I noticed Scott Burns’ column in today’s Houston Chronicle (you can read the article here) is the first in a series on reforming retirement saving. This particular article talks about the fact that many employers are no longer offering their employees a 401(k) match. Scott references a study done by Hewitt Associates that states that a one-year suspension in the employer match can cost a young employee (earning $50,000 per year) $16,000 in future retirement benefits. I think this is unfortunate.
This finding from Scott’s piece reminds me of what I pointed out about the 2009 Fortune 500:
In the 12 months ending Feb. 28, only 12 companies in the Standard & Poor’s 500 provided a positive return. Over 200 companies lost at least half their value.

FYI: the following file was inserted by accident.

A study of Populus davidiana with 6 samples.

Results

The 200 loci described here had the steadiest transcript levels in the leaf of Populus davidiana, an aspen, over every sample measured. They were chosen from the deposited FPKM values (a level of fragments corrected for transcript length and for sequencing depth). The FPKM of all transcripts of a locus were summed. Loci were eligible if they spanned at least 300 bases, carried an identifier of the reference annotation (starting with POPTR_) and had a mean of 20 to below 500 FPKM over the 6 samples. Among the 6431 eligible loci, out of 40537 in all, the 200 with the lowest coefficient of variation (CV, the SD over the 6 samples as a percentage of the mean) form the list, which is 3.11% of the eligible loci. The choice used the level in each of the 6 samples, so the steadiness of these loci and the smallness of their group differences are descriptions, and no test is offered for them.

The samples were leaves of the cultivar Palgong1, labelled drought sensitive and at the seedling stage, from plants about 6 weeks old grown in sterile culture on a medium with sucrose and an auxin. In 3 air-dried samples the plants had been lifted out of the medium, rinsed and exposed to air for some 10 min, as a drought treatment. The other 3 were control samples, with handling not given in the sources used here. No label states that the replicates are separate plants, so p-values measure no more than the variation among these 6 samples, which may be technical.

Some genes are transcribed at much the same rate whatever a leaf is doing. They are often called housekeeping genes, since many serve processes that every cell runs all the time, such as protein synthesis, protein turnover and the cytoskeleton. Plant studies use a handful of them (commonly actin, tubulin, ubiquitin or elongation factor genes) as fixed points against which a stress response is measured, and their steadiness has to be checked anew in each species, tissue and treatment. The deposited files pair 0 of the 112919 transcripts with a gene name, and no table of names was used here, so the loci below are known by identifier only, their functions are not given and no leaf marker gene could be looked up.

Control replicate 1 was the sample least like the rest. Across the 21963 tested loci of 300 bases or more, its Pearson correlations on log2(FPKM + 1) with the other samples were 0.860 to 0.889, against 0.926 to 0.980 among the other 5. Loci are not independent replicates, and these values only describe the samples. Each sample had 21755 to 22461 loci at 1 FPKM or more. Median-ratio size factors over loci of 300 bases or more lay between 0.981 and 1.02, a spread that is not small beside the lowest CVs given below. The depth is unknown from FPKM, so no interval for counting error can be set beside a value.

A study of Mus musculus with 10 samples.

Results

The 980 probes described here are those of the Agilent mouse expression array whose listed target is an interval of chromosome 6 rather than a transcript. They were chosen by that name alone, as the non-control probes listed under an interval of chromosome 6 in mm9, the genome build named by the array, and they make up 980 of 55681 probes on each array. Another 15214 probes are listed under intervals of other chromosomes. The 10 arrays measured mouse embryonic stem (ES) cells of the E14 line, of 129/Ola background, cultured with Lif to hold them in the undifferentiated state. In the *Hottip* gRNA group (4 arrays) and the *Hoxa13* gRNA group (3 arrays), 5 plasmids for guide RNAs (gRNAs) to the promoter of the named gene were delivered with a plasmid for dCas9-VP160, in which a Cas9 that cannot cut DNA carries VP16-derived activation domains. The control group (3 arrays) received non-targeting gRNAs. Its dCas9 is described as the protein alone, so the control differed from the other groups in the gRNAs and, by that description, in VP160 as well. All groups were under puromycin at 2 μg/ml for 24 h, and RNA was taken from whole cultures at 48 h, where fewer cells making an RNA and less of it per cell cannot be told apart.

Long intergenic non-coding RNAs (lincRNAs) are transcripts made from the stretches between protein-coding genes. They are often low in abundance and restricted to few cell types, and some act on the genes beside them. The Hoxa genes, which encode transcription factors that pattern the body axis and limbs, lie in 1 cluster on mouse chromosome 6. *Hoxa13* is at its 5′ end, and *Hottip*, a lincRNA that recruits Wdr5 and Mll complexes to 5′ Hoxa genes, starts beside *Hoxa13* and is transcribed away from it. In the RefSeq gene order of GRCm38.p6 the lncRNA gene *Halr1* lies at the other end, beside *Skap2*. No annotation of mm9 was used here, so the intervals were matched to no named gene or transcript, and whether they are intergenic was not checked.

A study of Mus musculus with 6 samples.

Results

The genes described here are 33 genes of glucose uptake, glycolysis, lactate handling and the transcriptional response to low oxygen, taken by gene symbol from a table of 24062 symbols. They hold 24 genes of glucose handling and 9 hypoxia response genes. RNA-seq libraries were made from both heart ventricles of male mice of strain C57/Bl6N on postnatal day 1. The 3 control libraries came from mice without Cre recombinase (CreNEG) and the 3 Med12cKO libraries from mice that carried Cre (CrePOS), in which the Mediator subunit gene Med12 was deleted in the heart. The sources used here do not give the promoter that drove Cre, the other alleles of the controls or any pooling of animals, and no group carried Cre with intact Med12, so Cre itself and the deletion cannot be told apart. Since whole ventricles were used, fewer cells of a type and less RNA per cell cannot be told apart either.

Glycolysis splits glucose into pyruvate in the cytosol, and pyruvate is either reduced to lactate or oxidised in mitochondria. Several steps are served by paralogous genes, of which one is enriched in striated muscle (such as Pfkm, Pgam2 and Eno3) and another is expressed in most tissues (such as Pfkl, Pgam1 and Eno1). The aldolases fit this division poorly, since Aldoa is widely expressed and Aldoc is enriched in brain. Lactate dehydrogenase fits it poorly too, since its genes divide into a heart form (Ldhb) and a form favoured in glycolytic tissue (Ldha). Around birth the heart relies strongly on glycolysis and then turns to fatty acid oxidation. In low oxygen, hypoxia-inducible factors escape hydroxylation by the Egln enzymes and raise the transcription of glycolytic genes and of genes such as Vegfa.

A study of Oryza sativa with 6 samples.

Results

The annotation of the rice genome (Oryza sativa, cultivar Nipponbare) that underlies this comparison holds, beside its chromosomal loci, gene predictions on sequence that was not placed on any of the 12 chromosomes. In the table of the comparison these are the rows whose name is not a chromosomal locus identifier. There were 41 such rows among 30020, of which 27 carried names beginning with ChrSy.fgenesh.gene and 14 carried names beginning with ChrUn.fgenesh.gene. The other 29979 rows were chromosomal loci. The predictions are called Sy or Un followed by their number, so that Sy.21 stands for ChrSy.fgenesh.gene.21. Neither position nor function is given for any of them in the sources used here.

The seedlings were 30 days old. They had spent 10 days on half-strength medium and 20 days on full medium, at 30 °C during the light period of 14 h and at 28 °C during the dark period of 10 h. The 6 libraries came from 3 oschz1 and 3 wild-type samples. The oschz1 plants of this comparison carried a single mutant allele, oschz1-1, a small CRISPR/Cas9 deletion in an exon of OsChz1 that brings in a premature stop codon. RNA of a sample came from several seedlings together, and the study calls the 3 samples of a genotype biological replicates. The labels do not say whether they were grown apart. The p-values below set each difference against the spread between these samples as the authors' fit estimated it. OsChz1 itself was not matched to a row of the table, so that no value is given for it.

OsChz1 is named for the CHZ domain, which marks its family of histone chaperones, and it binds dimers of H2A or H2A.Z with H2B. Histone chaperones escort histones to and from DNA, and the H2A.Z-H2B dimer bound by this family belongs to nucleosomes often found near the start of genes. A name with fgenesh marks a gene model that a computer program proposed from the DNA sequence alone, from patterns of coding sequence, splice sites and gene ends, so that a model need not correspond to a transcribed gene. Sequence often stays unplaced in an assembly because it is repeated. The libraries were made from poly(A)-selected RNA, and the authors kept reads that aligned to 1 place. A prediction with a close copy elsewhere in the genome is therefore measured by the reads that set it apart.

Finally, this last part regarding how fees can really eat into retirement plans, is telling:
All other things being equal— gross return and career contributions — a federal government worker with a virtually cost-free plan who starts saving 6 percent of income at age 30 will accumulate about 10.5 years of final income by age 67.
A private-sector worker with a typical plan will accumulate only 8.5 years of final income by the same age, if the plan has costs of 1 percent a year.
A worker with a plan that costs 2 percent a year will accumulate only 7 years of final income by age 67.
Those are big differences. Put another way, 2 to 3.5 years of income are siphoned off by the costs of typical plans.
I have a feeling that changes are coming… Let’s hope they are for the better and not some kind of socialist program.
I still think education and SELF-DISCIPLINE are the keys. Employees need to understand just what they are giving up when they elect not to sign up for their 401(k). They need to be updated once a year with something that says, “This is what you could have in your account had you signed up.” Of course, this may do nothing more than lull people into doing nothing since they already feel like they missed out.
I’ll try to highlight the other five articles in the series as they become available.